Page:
Campaigners have won the right to legally challenge the DfT's decision earlier this year to cut its walking and cycling budget by more than 50%.
Lawyers for Transport Action Network (TAN) argued that ministers made the decision oblivious to legal requirements. In particular, they had ignored climate, air quality and equalities duties, despite highlighting the benefits of active travel, the lawyers said.
Hight Court judge Mr Justice Jay gave permission for a full hearing, saying this was “potentially an important case” concerning a legal provision that had not been looked at before.
Modelled on road and rail investment, the Infrastructure Act 2015 requires the DfT to publish walking and cycling objectives, plus the resources to be made available to achieve them, in a Cycling and Walking Investment Strategy (CWIS).
In March transport secretary Mark Harper said that of £710m pledged for active travel in the 2021 spending review, only £100m more would be spent, amounting to a £380m reduction.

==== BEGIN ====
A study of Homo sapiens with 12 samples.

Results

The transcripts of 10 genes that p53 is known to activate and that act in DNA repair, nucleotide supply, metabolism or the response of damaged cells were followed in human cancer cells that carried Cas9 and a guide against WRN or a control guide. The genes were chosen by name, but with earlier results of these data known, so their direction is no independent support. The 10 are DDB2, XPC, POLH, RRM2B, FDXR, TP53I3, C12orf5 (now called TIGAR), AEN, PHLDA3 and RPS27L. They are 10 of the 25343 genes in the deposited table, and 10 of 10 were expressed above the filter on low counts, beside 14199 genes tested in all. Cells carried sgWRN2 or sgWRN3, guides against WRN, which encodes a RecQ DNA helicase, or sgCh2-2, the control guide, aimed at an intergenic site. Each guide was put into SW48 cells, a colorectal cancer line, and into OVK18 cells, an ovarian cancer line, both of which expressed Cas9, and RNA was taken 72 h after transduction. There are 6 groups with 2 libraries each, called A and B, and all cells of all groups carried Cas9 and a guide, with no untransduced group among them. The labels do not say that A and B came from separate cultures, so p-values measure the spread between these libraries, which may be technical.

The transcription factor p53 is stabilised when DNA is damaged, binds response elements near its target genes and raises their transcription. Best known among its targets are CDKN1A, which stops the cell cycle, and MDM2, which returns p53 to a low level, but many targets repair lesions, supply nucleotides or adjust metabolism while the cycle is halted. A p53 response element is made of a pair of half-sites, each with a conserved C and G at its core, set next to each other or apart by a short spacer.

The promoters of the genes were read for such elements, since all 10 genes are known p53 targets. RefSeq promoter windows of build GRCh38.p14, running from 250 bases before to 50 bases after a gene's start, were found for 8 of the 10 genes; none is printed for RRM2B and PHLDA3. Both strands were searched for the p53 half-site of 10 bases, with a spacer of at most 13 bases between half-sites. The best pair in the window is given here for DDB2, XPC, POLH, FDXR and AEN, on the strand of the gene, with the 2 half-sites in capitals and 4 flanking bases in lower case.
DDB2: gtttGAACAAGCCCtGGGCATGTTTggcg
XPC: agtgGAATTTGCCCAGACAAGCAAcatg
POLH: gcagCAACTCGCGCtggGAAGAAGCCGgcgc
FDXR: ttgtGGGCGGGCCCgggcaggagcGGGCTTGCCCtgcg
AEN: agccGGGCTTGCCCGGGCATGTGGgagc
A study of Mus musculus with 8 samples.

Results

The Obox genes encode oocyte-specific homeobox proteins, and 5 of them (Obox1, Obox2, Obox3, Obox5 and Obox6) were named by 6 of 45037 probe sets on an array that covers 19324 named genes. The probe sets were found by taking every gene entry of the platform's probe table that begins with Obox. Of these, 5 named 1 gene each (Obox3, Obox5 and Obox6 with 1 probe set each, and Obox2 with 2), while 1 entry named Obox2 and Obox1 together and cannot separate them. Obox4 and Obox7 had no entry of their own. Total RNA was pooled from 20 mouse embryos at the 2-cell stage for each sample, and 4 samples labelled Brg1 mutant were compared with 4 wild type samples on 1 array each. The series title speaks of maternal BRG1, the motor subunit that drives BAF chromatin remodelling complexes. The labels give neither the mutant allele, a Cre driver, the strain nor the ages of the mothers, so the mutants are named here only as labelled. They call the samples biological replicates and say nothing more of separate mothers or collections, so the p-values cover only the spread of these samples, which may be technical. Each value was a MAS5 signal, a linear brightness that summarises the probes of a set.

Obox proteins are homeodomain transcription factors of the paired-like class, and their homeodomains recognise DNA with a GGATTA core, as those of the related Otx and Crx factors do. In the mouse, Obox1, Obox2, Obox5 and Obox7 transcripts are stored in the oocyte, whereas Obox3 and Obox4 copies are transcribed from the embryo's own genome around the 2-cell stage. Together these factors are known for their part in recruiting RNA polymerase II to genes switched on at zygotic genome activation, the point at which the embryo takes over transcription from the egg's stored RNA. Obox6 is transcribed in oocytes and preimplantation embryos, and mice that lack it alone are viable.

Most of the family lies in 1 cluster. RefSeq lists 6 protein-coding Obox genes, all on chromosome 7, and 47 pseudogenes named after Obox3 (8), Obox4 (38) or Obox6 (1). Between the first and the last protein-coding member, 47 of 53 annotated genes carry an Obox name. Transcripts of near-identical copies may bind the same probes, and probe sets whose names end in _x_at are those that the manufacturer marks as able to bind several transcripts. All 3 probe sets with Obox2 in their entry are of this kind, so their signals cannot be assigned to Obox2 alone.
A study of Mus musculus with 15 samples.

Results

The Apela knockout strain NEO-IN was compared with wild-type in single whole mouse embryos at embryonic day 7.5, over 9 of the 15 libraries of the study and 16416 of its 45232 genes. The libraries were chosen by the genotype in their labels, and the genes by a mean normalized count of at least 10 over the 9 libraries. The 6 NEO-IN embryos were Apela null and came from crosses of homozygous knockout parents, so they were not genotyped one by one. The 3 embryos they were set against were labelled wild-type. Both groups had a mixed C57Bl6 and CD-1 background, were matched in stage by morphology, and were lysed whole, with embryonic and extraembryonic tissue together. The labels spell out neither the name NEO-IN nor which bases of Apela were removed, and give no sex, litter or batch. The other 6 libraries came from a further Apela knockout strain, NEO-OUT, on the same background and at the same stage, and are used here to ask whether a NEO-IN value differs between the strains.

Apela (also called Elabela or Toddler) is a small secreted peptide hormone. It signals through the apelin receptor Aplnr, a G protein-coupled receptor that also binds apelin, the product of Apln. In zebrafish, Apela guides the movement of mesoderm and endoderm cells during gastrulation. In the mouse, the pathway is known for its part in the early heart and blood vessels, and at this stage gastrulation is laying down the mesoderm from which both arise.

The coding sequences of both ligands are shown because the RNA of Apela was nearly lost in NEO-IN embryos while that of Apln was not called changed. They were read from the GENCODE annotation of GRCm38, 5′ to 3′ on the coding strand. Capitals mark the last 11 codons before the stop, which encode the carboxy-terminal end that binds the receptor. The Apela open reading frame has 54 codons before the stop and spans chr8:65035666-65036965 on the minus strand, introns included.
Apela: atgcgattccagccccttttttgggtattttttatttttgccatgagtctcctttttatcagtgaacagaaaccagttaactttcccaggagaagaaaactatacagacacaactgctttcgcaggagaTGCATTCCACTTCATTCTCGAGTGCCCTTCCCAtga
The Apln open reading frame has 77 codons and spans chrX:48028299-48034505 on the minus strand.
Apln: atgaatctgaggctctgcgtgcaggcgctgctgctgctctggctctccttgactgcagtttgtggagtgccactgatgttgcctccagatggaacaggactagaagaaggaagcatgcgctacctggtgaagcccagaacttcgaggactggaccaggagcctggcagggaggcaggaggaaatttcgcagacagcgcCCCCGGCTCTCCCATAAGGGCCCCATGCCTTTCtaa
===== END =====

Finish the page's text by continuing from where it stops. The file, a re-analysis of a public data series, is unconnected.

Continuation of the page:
The central target of half of urban journeys being walked or cycled by 2030 forms a key part of the UK’s climate and air quality plans, said TAN. “But, even before the cuts, the DfT forecast they would fail to meet this target. In a dramatic development hours before the hearing, DfT lawyers were forced to disclose slides highlighting how the cuts would devastate sustainable travel in most of England’s local transport authorities.”
TAN is seeking to crowdfund £40,000 to pay for its legal costs.